Mar 25, 2008

The Other Family

A few weeks ago, I was in Inner Mongolia checking on our formula project kids. I met a foster family who -- while I was there -- found out that their foster child was going to be adopted within a few weeks. Right before my eyes, they both broke down and started crying.

The foster parents are really foster grandparents, like so many of the Chinese foster families. Taking care of the children not only brings in a few extra yuan a month (on average they are given about $40 USD each month to care for, feed, and clothe a child), but it also brings laughter and joy into their lives. While I'm sure you could find families who do it for the money, the majority of the families I've met have been deeply concerned for their kids, and pour an enormous amount of love and affection into their lives. And, when the kids leave to go to their "forever families," they take part of their heart with them.

Shortly after he found out another one of his kids would be leaving soon, the grandpa walked to a corner of their small, one-room house and took a framed picture off the wall... the only hanging on the wall. It was a collage of photographs of all the children they'd ever fostered. And he had a small chalkboard with the children's names that hung beside the frame. On it he had written their names and the dates of their arrival and departure. With watery eyes, he told us, "I just want to know that they are OK and happy."

When I got home, I tracked down one of the families who had adopted one of their foster children. (Long story about how that happened.) The family was kind enough to write a beautiful letter and send updated pictures on the child... and now the pictures and letter are on the way to Inner Mongolia, where hopefully they will be delivered within a couple of days. It is my prayer that it will give this loving couple the encouragement they need to keep going; to open their home and their hearts to another child. In their simple home with their old-fashioned ways, they have saved lives. Literally. They've brought kids back from the brink of starvation; they've uncovered smiles and relit the spark in eyes; they've celebrated first steps and got up late with teething babies. In short, they've loved. And all along, they've braced themselves for painful goodbyes.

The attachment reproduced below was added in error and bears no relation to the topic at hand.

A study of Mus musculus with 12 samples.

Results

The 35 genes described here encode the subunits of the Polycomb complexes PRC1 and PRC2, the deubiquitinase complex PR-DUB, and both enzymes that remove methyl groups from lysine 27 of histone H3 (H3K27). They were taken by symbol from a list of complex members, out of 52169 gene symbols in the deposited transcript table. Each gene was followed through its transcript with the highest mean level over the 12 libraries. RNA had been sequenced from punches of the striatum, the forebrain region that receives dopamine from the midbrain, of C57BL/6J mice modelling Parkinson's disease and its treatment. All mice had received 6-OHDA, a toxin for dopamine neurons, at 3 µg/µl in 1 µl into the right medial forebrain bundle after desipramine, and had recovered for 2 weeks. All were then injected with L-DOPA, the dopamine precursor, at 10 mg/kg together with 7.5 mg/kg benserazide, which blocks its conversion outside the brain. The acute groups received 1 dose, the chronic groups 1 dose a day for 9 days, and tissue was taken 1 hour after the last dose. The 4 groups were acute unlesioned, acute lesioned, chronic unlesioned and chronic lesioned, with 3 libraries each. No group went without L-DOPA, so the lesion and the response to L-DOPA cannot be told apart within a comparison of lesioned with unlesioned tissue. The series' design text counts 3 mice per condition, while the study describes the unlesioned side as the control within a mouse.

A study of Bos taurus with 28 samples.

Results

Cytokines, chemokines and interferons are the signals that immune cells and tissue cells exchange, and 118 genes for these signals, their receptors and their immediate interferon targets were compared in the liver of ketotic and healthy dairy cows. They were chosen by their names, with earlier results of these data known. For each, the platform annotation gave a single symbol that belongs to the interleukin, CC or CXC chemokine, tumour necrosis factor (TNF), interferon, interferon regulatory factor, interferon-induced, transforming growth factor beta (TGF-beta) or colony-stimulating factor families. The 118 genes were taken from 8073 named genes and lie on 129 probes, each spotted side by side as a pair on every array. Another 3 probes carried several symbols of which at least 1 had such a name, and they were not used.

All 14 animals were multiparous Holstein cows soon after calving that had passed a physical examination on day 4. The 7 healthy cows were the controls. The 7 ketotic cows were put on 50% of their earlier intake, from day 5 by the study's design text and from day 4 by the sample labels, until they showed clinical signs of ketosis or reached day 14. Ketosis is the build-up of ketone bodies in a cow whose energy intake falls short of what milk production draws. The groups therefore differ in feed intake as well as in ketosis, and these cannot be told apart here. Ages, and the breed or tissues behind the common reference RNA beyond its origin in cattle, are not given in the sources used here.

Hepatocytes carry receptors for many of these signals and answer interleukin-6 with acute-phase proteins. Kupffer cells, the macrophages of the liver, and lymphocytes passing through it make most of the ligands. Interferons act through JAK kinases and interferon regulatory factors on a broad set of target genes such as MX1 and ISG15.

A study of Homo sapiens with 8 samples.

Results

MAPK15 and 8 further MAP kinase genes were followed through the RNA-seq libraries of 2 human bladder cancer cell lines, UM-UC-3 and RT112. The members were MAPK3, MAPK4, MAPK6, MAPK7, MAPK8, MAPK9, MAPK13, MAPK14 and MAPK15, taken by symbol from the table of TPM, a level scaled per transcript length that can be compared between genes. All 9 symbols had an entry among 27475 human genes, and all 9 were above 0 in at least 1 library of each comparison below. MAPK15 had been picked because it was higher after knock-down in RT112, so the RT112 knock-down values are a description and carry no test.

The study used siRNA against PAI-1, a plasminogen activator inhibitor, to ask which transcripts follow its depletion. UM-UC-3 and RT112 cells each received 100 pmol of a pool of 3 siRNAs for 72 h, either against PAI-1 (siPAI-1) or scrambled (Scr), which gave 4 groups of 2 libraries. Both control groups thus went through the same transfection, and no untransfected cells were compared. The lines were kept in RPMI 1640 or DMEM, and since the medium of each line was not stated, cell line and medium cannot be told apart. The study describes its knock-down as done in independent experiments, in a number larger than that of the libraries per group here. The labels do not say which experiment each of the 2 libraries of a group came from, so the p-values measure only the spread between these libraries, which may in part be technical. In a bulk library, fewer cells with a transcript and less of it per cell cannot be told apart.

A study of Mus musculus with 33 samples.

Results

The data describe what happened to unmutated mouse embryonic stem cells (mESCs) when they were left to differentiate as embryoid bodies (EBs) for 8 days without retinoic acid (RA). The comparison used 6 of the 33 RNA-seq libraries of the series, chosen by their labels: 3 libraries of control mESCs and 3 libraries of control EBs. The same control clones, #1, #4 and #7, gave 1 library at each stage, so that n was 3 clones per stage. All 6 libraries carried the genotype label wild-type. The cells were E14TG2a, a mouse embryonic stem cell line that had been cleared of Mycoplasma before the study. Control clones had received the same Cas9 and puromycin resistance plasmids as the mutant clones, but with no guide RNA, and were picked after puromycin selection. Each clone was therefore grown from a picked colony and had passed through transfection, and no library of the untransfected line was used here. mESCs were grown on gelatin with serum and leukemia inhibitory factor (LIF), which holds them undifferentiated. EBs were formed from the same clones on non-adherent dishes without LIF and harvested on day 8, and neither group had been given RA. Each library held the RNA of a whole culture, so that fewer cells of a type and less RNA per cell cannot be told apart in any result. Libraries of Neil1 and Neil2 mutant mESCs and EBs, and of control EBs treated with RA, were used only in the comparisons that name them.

For those of you who have adopted children who had the opportunity to live in foster care, say an extra prayer of thanks for that family tonight... wherever they are and whoever they are, they loved a child they knew they would lose, and that's more than most of us can do.

7 comments:

Don said...

Dear Carrie,

You touched your "daddies" heart with this post . . .

Love, Dad & Mom . . .

Lori Petrie said...

Carrie,

You guys are the absolute best! Thank you for doing what you are doing. We are amazed by you and your insight, particularly. Though Sydney and I missed you in Jinjiang by a day - your dedication continues to touch our hearts. *GB* the foster families. Thank you for blogging...we are following.

Love, Lori Petrie & family
Rochester, NY

Anonymous said...

Carrie,
For those of us who have adopted children who were not in foster care, we pray for and are thankful for the foster parents who are able to show "first love" to these sweet children. We are so thankful for the way you, too, are loving these sweet kids by serving them.

Anita A.

Jill W said...

Our daughter was with her foster family for 6 years. I can only imagine how painful it was to let go. We pray for her Chinese family all the time. I wish I was able to have contact with them so I could let them know how thankful we are to them and how our daughter has blossomed because of their love. Thanks for doing what you do. You guys are awesome!

Clay said...

Being a foster parent myself, this post came at an opportune time. I was just rejected by an adopting family. I'm hoping it was a translation and cultural difference, but non the same the pain is real.

One of the reasons, letting go is really not that difficult for me, is we all know there are so many more out there who need us. pam in henan

The Byrd Family said...

Oh Carrie...what a beautiful post. I feel for the foster parents because it must be terribly hard to let go.

guatmommatobe said...

Carrie you are so right. Our children are so fortunate to have had the foster families they have. I am so thankful that a family cared enough to give my daughter the love and attention she so need in her first year. I am lifting them and all other foster parents up at this moment that He will give them just what they need to know how important and loved they are to our children. Thank You!